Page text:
The Speaker’s Task Force on Water Quality met for the second time in Madison on April 3 to hear testimony from both farmers and conservation advocates on solutions to improve water quality in Wisconsin. The committee hopes to put forth bipartisan legislative recommendations on clean drinking water by this fall.
The first presenter, the Wisconsin Farm Bureau, emphasized the need to continue research and data collection for science-based regulations. The Farm Bureau hoped that future water quality programs would encourage farmers to participate, rather than create punitive costs for noncompliance. During their testimony, Rep. Katrina Shankland (D-Stevens Point) suggested removing the statewide preemption on local groundwater quality standards. While the Farm Bureau did not oppose local action related to water quality, they expressed it might be difficult for large farms to comply with inconsistent criteria among townships.
Next, Wisconsin Farmers Union presented some alternative proposals for how farmers could improve water quality. The Farmers Union’s proposed solutions included increased funding for groundwater mapping, private well compensation grants (Rep. Shankland’s AB 21), the restoration of Wisconsin’s previous grazing lands conservation initiative, cover crops, local control of livestock siting, and increased CAFO monitoring and oversight. The Farmers Union recommended the state incentivize farmers to move to grass feeding, though legislators including Rep. Mary Felzkowski (R-Irma) seemed opposed to the suggestion.
After the Farmers Union, Matt Krueger, executive director of Wisconsin Land & Water, briefed the task force on the group’s water quality goals and some solutions on how to achieve them. Krueger emphasized the importance of funding county conservation departments, in addition to other conservation programs and enforcement measures for statewide water quality standards. Krueger gave the example of Minnesota, which he said recently raised a sales tax and is using some of the additional revenue to fund conservation. During Krueger’s presentation, Rep. Shankland brought up the suggestion of forming groundwater management districts (structured similar to current lake districts in Wisconsin).
Next, Wisconsin Conservation Voters’s government affairs director Jennifer Giegerich presented the committee with more recommendations to reduce current and emerging contaminants in drinking water. Giegerich’s suggestions included banning the spread of manure on frozen ground, expanding recently updated Department of Natural Resources (DNR) runoff management rules (NR 151) to apply to more sensitive areas, and increasing CAFO fees.
Giegerich also claimed PFAS are dangerous emerging contaminants in Wisconsin’s drinking water. To better address emerging contaminants, Giegerich suggested removing pieces of the regulatory process enacted in 2011 Act 21 that require agencies to evaluate the costs of proposed rules on regulated industries and to include comparisons of regulatory approaches used in neighboring states. Furthermore, Giegerich argued DNR should set groundwater standards for broad classes of chemicals like PFAS, instead of on an individual basis. According to Giegerich, Wisconsin should “aggressively” work to set a classwide PFAS standard.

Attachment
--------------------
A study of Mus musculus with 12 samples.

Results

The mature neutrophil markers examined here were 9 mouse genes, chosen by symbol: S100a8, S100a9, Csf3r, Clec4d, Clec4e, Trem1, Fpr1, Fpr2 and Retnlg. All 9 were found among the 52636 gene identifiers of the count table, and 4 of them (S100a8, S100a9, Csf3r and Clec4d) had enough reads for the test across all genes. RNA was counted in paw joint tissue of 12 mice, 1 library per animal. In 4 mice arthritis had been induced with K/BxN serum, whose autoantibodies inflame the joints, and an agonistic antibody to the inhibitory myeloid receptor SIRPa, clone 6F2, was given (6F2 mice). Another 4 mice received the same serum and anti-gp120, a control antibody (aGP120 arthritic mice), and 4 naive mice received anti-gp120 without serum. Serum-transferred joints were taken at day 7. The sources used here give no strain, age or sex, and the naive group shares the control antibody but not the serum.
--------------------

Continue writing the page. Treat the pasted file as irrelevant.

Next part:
Giegerich also discussed the issue of lead in drinking water, expressing support for lead pipe removal initiatives in Gov. Tony Evers’s proposed budget. Additionally, Giegerich recommended the legislature expand on the 2017 Leading on Lead Act by repealing limits to local governments’ ability to provide financial assistance for the replacement of lead service lines.
Next, Clean Wisconsin addressed some of the same concerns as Giegerich related to PFAS and lead service lines. Clean Wisconsin urged legislators to look not just at the costs of conservation programs but also at the “cost of inaction” (i.e. health and infrastructure costs) if they do not implement the programs. Clean Wisconsin discussed the pending Clean Wisconsin v. DNR litigation that will decide whether DNR may consider cumulative impacts in issuing high capacity well permits. In response to a question from Sen. Mark Miller (D-Monona), Clean Wisconsin said they could potentially support a moratorium on high capacity well permits.
After Clean Wisconsin, the Wisconsin Corn Growers Association briefed the task force on their Soil Health Partnership program. The program enrolls farmers to participate in data collection and experimentation to determine whether ground water quality initiatives such as cover crops would be economic from farmers’ perspectives.
Finally, the Wisconsin Water Quality Association presented to task force members their work on monitoring PFAS and lead pipe legislation across the country. The association represents water treatment manufacturers and stakeholders, who produce “point of use” and “point of entry” treatment products, such as in-home water filters and water softeners.
The task force’s next meeting will be on May 8. Having concluded the meetings in Madison, the task force will now be traveling the state to take public testimony in addition to more invited speakers.
At the first meeting in March, the task force heard recommendations from several state agencies.